Why Plato was not a world-hating totalitarian -- Why Aquinas' "five ways" are not so bad after all -- Why does everybody hate Cartesian dualism? -- Why kicking stones cannot refute Bishop Berkeley -- Why David Hume is odder than you think -- David Hume's un-natural theology -- How Kant did not undermine all possible arguments for God -- Whatever happened to Hegel? -- Why Schopenhauer was not quite an Atheist -- Was Nietzsche a bad thing? -- Materialism and its (...) discontents. (shrink)
The causes of violence -- The corruptibility of all things human -- Religion and war -- Faith and reason -- Life after death -- Morality and the Bible -- Morality and faith -- The enlightenment, liberal thought and religion -- Does religion do more harm than good in personal life? -- What good has religion done?
David Hume’s arguments against believing reports of miracles are shown to be very weak. Laws of nature, I suggest, are best seen not as exceptionless rules but as context-dependent realizations of natural powers. In that context miracles transcend the natural order not as "violations" but as intelligible realizations of a divine supernatural purpose. Miracles are not parts of scientific theory but can be parts of a web of rational belief fully consistent with science. (edited).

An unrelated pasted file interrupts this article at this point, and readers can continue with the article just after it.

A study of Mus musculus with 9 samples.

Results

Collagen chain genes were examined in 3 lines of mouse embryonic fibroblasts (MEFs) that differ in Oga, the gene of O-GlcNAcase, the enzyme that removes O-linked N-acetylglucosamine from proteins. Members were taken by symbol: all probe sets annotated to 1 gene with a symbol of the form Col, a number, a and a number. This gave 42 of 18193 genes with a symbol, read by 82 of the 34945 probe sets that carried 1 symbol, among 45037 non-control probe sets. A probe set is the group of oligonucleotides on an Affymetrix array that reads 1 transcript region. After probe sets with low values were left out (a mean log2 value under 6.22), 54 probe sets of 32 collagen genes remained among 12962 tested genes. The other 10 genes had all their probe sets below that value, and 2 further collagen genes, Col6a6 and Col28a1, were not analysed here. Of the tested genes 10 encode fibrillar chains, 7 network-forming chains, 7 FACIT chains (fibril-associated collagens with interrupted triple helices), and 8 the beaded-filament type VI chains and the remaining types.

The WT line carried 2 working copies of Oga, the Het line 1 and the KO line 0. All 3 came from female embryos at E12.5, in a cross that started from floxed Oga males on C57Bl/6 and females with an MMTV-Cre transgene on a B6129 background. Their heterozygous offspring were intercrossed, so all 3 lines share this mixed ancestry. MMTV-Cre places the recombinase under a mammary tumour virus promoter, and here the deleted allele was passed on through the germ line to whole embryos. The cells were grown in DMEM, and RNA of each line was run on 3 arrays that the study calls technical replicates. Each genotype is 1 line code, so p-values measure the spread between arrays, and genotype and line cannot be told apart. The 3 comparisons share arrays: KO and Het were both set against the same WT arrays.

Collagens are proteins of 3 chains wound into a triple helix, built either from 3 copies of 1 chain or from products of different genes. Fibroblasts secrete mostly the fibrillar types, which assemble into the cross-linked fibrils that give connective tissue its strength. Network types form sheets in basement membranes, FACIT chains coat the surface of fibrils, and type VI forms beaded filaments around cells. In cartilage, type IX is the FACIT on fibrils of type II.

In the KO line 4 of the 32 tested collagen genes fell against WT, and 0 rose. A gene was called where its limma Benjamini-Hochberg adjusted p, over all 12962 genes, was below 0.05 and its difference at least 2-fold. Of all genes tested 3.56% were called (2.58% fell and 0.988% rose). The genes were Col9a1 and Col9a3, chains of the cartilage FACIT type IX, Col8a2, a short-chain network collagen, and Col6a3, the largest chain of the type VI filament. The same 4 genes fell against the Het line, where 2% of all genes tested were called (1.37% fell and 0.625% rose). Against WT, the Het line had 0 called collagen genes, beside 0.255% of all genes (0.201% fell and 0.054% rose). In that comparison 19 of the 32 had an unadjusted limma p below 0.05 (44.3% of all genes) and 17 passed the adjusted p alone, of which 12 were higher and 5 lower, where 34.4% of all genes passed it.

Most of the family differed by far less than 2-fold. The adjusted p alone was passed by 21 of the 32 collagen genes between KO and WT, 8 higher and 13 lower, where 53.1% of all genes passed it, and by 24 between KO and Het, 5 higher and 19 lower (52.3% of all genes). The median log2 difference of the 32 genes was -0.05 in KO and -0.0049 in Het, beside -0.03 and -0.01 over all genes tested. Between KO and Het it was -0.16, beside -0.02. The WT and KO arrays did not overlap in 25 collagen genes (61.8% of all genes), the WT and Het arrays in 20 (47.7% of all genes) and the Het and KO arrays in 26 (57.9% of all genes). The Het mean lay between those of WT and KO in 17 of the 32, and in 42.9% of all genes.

A CONSIDERATION OF J C MACKIE’S CLAIM THAT IT IS NEVER REASONABLE TO ACCEPT TESTIMONY TO THE OCCURRENCE OF A MIRACLE. I ARGUE THAT THIS CLAIM FAILS; BUT, BY EXAMINING THE CONCEPT OF MIRACLE AS A SAVING DISCLOSURE OF GOD, I SHOW WHY THE RATIONALITY OF ACCEPTING MIRACLES ON TESTIMONY IS UNLIKELY TO BE NEUTRALLY ESTABLISHABLE.